Measure ensures Texas standards don't 'creep into our textbooks,' senator tells Raw Story

The California Senate on Friday approved legislation that sends a clear message to Texas and textbook publishers: don't mess with our kids' minds.

"My bill begins the process of ensuring that California students will not end up being taught with Texas standards," State Senator Leland Yee (D-San Francisco), who authored and sponsored the legislation, said in an interview. Texas standards had better not "creep into our textbooks," he said.

The S.B. 1451 measure – approved on a bipartisan vote of 25-5 – requires California's Board of Education to examine and report any discrepancies between the new Texas standards and California's standards. "At that point," Yee told Raw Story, "we will make it very, very clear that we won't accept textbooks that minimize the contributions of minorities and propagate the close connection between church and state."

California, also a critical market for textbook companies, can counteract Texas's influence on how books are written for schools across the country. "It's a warning to the textbooks writers and companies," said Yee, who served on the San Francisco Board of Education earlier in his career and is currently the second highest ranking Democrat in California's upper house.

The Texas modifications – approved last Friday – include elevating the significance of Christianity in the nation’s founding, minimizing the importance of Thomas Jefferson and his framework for separation of church and state, emphasizing "the conservative resurgence of the 1980s and 1990s," diminishing the scope of Latino history, and redefining slavery in more pleasant terms.

Yee called the changes "pretty disturbing," accusing the Texas board of seeking to "wipe away history" and "rewrite history." School curriculum, especially social studies and history, he said, should be "devoid of politics."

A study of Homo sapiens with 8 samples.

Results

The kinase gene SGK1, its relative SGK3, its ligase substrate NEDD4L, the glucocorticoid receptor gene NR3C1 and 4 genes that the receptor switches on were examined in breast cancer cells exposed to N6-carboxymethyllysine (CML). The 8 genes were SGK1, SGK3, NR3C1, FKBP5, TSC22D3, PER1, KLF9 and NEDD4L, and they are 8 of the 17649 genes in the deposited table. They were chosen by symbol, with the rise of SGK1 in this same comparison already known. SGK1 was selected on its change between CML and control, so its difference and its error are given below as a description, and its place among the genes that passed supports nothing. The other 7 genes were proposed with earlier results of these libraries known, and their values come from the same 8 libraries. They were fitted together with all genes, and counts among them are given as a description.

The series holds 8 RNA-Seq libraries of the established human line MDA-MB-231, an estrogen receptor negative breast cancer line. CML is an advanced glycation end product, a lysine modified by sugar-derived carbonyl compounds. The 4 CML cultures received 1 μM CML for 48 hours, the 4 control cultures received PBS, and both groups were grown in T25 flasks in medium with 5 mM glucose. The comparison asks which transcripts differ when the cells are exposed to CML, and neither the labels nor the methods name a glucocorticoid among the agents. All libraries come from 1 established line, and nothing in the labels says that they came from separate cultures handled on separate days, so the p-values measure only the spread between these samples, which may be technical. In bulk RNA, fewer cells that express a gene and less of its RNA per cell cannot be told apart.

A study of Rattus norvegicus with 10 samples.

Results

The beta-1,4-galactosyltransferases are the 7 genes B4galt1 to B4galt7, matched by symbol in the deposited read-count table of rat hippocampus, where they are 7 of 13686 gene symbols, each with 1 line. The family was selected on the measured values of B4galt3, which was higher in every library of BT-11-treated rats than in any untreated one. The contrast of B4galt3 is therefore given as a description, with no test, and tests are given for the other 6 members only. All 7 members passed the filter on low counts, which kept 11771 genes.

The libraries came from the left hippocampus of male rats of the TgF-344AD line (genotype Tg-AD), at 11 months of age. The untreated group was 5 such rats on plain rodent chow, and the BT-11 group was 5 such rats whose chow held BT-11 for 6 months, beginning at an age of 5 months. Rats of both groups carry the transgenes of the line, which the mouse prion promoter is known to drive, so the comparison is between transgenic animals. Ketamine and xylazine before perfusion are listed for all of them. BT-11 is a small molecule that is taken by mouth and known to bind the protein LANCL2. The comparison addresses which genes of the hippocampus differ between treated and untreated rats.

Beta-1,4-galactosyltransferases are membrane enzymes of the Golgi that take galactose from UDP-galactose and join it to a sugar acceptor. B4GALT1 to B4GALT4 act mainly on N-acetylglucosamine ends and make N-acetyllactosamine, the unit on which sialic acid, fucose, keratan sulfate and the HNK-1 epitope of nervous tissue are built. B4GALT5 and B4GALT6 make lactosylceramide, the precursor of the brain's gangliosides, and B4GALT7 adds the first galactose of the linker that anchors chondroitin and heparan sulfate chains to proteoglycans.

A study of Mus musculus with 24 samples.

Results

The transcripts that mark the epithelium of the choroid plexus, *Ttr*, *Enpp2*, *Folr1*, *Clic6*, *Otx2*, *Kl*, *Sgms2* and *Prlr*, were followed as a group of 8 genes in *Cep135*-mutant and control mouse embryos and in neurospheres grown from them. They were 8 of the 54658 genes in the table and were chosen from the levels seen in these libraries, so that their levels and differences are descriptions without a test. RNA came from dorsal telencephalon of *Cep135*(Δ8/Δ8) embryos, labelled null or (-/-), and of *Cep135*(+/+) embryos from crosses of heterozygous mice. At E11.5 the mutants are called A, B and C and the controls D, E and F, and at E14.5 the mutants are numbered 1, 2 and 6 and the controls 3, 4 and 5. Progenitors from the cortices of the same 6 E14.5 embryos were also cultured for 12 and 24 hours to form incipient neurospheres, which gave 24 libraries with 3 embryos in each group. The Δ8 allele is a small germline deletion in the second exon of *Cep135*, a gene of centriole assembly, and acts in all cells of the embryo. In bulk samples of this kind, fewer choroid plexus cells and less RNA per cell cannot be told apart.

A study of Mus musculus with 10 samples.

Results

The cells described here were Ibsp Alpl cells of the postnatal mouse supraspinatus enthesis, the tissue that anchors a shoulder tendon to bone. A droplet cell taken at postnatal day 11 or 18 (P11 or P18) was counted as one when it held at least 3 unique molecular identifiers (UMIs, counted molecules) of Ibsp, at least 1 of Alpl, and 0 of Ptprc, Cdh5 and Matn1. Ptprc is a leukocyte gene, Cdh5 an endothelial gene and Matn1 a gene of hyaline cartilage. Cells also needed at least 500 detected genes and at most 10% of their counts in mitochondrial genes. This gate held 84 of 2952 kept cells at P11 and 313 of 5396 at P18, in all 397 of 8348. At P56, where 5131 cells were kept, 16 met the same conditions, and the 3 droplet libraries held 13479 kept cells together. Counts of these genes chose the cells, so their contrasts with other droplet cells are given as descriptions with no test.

America "came into existence because the founding fathers wanted to flee the tyranny of the church over a government," added Yee, who immigrated from China at age three. "That part of the pride and joy of living here – that you're not dictated by religion."

Book publishers argue that such worries are unfounded in the digital age, where textbooks can easily be re-customized based on the different curriculum standards of different states.

"Whenever someone tells me not to worry, that's when I worry," Yee retorted, explaining that textbook publishers are in business not to "help out students" but to "make money," so if given the choice they'd prefer not to spend the extra money re-customizing books.

The legislation now faces a vote in the California Assembly before it's considered by Republican Gov. Arnold Schwarzenegger, who has not announced whether he will sign it.

Sahil Kapur is Washington correspondent for Raw Story. He Tweets here.